Beagle-gate: Beagle owners worldwide bite back

PUBLISHED: 14:23 11 April 2016 | UPDATED: 14:23 11 April 2016

Getty Images/iStockphoto

Getty Images/iStockphoto


In our April issue editor Jan Raycroft told us why she wasn’t a fan of Beagles – and preferred black Labradors.

It’s had a big reaction after a reader posted a photo of the article on Facebook. If you love pictures and videos of Beagles, is the place to be, and you might enjoy some of the comments there, Beagle fan or otherwise!

Meanwhile, for those who haven’t seen the original article in our print magazine, here it is...

Truly Great British dogs

It’s time to get personal as editor Jan Raycroft reveals her favourite canine companion and the one breed she’d never have

A cosy lunch with the girls in Côte Brasserie, and it all comes pouring out from across the table… “I can’t stand him much longer, can’t even say his name – the one hope is that he runs off and moves in with the older woman next door.”

Sympathetic heads nod. We’ve either been in this sort of relationship before, or know someone who has. Eventually my lunch companion blurts out the word: “Beagle, that’s all I call it.”

Now, my friend and her partner also share their nice home with two Labs, so I know they were on the right track at one time. With plenty of room, they decided to sublet to a close friend who, seeing their dogs, asked if he could have one of his own.

“Well why not?” she confides as the waiter gets to grips with the idea that we all want two starters each as our lunch, rather than mains. “The more the merrier, we thought. Beagle arrived – our friend explained that he’d met a couple who were looking for a new home for him for family reasons. They said we could come back for more details any time. When we did – they’d moved!”

My friend lives near the coast and was assured that Beagle loved beach walks. Beagle went into hysterics at first sight of the sea, dropped flat and rigid and had to be lugged home in that position. Beagle was house-trained they understood – let’s not even go there, the stories are too revolting for a family magazine.

The only glimmer of light is that while the humans go out to work, a lady next door looks after the dogs. Even though she calls the miscreant ‘Bad Beagle’ she appears to have a soft spot for its nonsense. As my friends contemplate a move nearer to us, they are fantasising about somehow leaving Beagle with the neighbour, and no forwarding address.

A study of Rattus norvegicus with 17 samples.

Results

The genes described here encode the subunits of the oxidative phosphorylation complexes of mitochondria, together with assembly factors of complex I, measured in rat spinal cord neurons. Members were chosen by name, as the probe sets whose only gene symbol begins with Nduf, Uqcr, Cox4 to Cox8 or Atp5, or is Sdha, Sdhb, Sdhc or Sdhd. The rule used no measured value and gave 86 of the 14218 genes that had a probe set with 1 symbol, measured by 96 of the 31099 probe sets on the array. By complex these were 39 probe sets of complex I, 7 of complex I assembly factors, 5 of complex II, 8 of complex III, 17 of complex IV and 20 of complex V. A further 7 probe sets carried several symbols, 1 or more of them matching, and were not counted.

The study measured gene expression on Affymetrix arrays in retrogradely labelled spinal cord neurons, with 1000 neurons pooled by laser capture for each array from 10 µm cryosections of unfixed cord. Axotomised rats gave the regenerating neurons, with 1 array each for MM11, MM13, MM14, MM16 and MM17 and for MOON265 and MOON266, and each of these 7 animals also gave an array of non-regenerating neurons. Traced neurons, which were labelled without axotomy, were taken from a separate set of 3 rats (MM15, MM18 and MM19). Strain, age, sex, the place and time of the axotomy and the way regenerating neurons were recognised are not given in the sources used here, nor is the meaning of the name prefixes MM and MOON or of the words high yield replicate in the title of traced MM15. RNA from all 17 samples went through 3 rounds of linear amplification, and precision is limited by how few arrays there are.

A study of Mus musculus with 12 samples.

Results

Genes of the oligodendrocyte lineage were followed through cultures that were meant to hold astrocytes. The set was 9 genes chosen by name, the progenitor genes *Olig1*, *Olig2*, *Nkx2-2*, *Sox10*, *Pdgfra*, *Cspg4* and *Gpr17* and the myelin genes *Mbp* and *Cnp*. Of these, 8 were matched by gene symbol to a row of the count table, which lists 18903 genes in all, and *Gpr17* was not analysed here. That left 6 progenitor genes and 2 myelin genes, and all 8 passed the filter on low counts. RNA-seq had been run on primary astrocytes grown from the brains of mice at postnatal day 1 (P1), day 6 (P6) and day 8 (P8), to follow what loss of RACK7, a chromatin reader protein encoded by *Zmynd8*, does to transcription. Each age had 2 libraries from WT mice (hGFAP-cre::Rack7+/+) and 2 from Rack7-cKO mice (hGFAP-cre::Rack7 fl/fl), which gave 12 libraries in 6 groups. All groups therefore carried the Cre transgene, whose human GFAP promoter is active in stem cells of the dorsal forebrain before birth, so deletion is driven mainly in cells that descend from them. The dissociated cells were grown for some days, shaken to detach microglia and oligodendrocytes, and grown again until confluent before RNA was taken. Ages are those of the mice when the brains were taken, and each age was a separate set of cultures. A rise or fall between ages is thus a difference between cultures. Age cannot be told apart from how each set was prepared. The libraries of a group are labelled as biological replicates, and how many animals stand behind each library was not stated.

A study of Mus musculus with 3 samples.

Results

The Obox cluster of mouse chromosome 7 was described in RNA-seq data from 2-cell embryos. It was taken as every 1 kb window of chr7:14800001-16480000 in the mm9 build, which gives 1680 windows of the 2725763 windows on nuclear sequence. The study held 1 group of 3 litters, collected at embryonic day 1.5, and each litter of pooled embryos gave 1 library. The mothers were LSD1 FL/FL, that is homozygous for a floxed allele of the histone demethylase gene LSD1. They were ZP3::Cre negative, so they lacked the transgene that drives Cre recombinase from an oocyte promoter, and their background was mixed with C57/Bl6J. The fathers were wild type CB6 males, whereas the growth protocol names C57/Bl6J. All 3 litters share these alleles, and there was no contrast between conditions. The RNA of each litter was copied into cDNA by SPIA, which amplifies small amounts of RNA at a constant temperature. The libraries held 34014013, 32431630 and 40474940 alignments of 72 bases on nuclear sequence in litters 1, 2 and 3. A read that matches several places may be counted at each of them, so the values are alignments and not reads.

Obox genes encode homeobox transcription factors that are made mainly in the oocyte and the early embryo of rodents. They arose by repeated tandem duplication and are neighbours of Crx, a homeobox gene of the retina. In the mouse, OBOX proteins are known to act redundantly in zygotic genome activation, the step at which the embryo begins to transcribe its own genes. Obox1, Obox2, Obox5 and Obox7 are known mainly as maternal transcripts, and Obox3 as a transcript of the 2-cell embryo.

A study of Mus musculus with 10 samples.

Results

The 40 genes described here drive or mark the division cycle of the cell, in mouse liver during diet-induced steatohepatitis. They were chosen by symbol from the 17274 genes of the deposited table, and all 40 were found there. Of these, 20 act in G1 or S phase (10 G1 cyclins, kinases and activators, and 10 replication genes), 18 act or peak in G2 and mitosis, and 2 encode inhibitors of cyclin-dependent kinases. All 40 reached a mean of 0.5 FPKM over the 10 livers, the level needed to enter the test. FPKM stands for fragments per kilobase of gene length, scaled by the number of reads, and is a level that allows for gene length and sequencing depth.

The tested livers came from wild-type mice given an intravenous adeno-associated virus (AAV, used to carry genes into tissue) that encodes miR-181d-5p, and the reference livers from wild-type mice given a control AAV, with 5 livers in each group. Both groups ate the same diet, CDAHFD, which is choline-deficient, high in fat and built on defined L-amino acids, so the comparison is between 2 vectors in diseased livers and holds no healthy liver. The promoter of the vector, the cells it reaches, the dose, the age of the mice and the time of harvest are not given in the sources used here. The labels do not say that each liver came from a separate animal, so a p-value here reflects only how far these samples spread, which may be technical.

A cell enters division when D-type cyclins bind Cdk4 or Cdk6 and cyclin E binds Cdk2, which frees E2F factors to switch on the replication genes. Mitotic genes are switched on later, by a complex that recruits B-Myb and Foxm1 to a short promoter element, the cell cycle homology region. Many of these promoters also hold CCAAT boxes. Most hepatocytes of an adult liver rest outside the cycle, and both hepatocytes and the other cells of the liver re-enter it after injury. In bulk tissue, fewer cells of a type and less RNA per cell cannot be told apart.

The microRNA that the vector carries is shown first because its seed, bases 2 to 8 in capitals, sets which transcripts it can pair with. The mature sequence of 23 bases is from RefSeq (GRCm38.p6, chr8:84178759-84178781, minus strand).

I have now come into contact with three beagles, and all seemed to be off their heads. That’s if there’s anything in their heads at all, because they are notoriously difficult to train, regularly appearing in ‘10 Least Liked Dog’ lists, sometimes faring worse than pitbulls and those creepy bald things. We are not alone.

Meanwhile Labradors always top the lists of favourite British dogs, and that’s where my heart lies. Not in waddling, drooling ones or loo roll advert style Labs, but black working dog build, fleet of foot and quick of brain. You know, the ones her Majesty The Queen and members of the Royal Family always seem to have hanging around, gazing nobly into the distance.

These skinnier Labs are the dolphins of the dog world, and not just because of their smiles. My last one could swim the width of the Thames, once horrifying me as it wrecked a fishing match on the Windsor side of the river, having set off from the Brocas at Eton to retrieve a floating ball.

And yes, Labradors can be both food stealers and as disgusting as beagles – as anyone who’s gagged their way through a bathing session after they’ve rolled in a rotting carcass will know – but we make room for this because of all their charms such as when you ask them to find you a stick and they bring back a felled tree trunk.

So readers, if you wish to argue the merits of your beagle, do let me know. I will even visit to witness and record the miracle. Just as long as you don’t try to put Beagle in my car when I make my escape.